According to a report written by Theodoros Benakis, China's genocidal policy against Uyghurs, an ethnic Turkish group that resides in the Xinjiang Uyghur Autonomous Region (XUAR), hit a new low. The Wumao army (also known as the "50 cent army"), known to be the trolls of the Chinese government, has hurt the religious sentiments of Uyghur Muslims on social media several times.
The Wumao army is a group of internet critics hired by the authorities of the People's Republic of China (PRC) to spread information to the benefit of the governing Chinese Communist Party (CCP). It is often seen insulting Islam and committing blasphemy against the Prophet.
As #Islamophobia takes root in the West,there is a silent cultural #genocide against the #Uyghur & #Hui #muslims in the East namely #China
Not so silent is China’s digital troll army,the #Wumao & #Bumao, using #Weibo platform to spread blasphemous insults against #Islam.#Somalia pic.twitter.com/I1VBki28KO
— ElmiCilmi (@EEEElmi) November 26, 2022
Despite PRC having a good relationship with many conservative Muslim states such as Pakistan, Indonesia, and countries in the Arab Peninsula, Chinese social media mostly portray Muslims as extremists and terrorists.
According to Benakis, China is using Islamophobia, probably the most criticized propaganda in western media platforms, as an instrument to discriminate against and segregate Uyghur Muslims, along with gaining more support for the policies used in Xinjiang by the Chinese government. The Wumao army denigrates Islam and spreads blasphemy through social media posts.
After the Charlie Hedbo shooting, one user in early 2015 clearly stated, "Religion has nothing to do with ethnicity. Our country's religious policy and ethnic policy are 108,000 miles apart. No one stipulates that a certain ethnic group must believe in a certain religion."
After a recent investigation by the Muslims of China, it was revealed that Islamophobia is being used in Xinjiang to strengthen Chinese President Xi Jinping's cultural policy in the mainland.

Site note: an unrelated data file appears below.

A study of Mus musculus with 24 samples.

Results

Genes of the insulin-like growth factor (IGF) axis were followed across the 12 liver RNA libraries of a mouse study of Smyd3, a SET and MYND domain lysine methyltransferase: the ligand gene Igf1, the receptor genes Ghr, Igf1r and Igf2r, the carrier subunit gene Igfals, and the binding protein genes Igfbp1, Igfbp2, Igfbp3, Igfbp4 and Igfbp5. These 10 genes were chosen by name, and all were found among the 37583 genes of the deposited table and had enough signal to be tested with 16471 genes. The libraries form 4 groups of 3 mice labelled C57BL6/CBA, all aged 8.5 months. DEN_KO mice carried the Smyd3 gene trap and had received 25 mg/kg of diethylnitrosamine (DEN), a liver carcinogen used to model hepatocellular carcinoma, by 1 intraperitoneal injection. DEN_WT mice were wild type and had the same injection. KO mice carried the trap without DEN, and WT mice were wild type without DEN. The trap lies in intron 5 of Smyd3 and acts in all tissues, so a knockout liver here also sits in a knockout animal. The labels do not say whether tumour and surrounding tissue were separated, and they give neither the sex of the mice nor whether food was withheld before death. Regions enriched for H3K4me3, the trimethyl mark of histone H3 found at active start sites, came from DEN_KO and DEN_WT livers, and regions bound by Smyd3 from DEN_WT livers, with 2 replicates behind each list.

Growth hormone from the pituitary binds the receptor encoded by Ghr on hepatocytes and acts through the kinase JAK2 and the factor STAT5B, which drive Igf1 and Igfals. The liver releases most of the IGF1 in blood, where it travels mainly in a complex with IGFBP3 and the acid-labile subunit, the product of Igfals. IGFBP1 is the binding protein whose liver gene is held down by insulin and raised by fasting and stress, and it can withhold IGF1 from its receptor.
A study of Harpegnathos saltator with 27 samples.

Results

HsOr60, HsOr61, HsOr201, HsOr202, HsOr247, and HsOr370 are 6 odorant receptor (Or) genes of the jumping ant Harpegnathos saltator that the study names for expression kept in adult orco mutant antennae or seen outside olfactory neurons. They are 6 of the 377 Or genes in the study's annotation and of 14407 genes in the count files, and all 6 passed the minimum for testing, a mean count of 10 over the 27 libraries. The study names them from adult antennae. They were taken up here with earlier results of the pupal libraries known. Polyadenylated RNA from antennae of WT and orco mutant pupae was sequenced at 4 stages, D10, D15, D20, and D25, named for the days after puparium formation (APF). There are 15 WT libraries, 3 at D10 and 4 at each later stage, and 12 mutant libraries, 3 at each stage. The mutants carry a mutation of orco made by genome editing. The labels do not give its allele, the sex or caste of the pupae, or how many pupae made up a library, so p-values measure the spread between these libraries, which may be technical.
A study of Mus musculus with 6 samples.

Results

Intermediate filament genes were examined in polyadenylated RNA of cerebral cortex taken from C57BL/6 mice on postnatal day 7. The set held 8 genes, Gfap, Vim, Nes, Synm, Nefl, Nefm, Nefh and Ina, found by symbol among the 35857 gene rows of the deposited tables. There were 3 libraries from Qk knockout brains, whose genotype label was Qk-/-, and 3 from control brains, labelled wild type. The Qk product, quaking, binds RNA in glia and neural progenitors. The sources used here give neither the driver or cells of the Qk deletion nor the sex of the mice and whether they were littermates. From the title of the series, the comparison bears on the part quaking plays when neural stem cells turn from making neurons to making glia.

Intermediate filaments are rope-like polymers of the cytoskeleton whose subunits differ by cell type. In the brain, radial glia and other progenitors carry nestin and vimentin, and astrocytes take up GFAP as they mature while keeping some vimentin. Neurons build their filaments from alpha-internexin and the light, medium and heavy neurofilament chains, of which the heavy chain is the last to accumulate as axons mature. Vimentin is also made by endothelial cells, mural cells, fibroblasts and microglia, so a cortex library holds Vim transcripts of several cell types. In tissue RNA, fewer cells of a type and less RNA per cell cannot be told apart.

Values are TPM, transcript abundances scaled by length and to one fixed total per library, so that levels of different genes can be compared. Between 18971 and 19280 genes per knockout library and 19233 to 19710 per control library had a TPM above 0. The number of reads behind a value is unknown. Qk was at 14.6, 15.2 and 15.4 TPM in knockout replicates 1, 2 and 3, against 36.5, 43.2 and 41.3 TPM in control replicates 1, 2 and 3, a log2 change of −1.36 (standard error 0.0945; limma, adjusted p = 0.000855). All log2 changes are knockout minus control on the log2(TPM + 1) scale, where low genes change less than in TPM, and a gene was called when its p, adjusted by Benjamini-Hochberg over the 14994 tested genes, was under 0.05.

Weibo, a popular Chinese social media platform used in place of Twitter, is where Chinese citizens justify denouncing Islam. The Weibo army supports the government in Xinjiang by spreading anti-Muslim propaganda, insulting Islam, and justifying the discriminatory policies of Beijing.
Many Chinese citizens have expressed their complete support for the new cultural policy and approved eliminating the Uyghur Muslims from the map of Xinjiang.
After a month-long research on the new cyber social practice, China-based Muslims have found out that the users who planted the seeds of Islamophobia in most of the conversations are associated with the Wumao (50 Cent) Army. This group reads the Quran and the Hadith and disrespectfully explains them. The content is then posted on Weibo to foster a portrayal of Islam in a negative light.
The CCP aims to make their country the homeland of only the Han population. After securing a third term, Chinese President Xi Jinping is willing to do anything to attain his objective of creating "a unified China inhabited by a unified people."
The Chinese leader reaffirmed his commitment to Beijing policies in the XUAR at a two-day party conference in September 2020. "Practice has demonstrated that the party's strategy for governing Xinjiang in the new era is entirely correct," the President said.
A "cultural genocide" policy is underway in Xinjiang. In 2018, a Chinese board was seen at the gate of a Turpan school situated in the Uyghur-majority city of Xinjiang, reading, "[You are] entering the school grounds. Please speak Guoyu ["the national language," that is Mandarin Chinese]."
The Uyghur families live in a severely discriminatory environment where heavy restrictions are applied, such as forbidding women the religious veil, while forbidding men to grow a beard. Fasting during Ramadan is prohibited, and only the "state-approved" Quran is allowable.
They are also a target of a brutal program where children are separated from their mothers at a young age and either sent to state institutions or to live with Han Chinese families. If they don't comply, they are sent to prison, and in some cases, they receive the death sentence.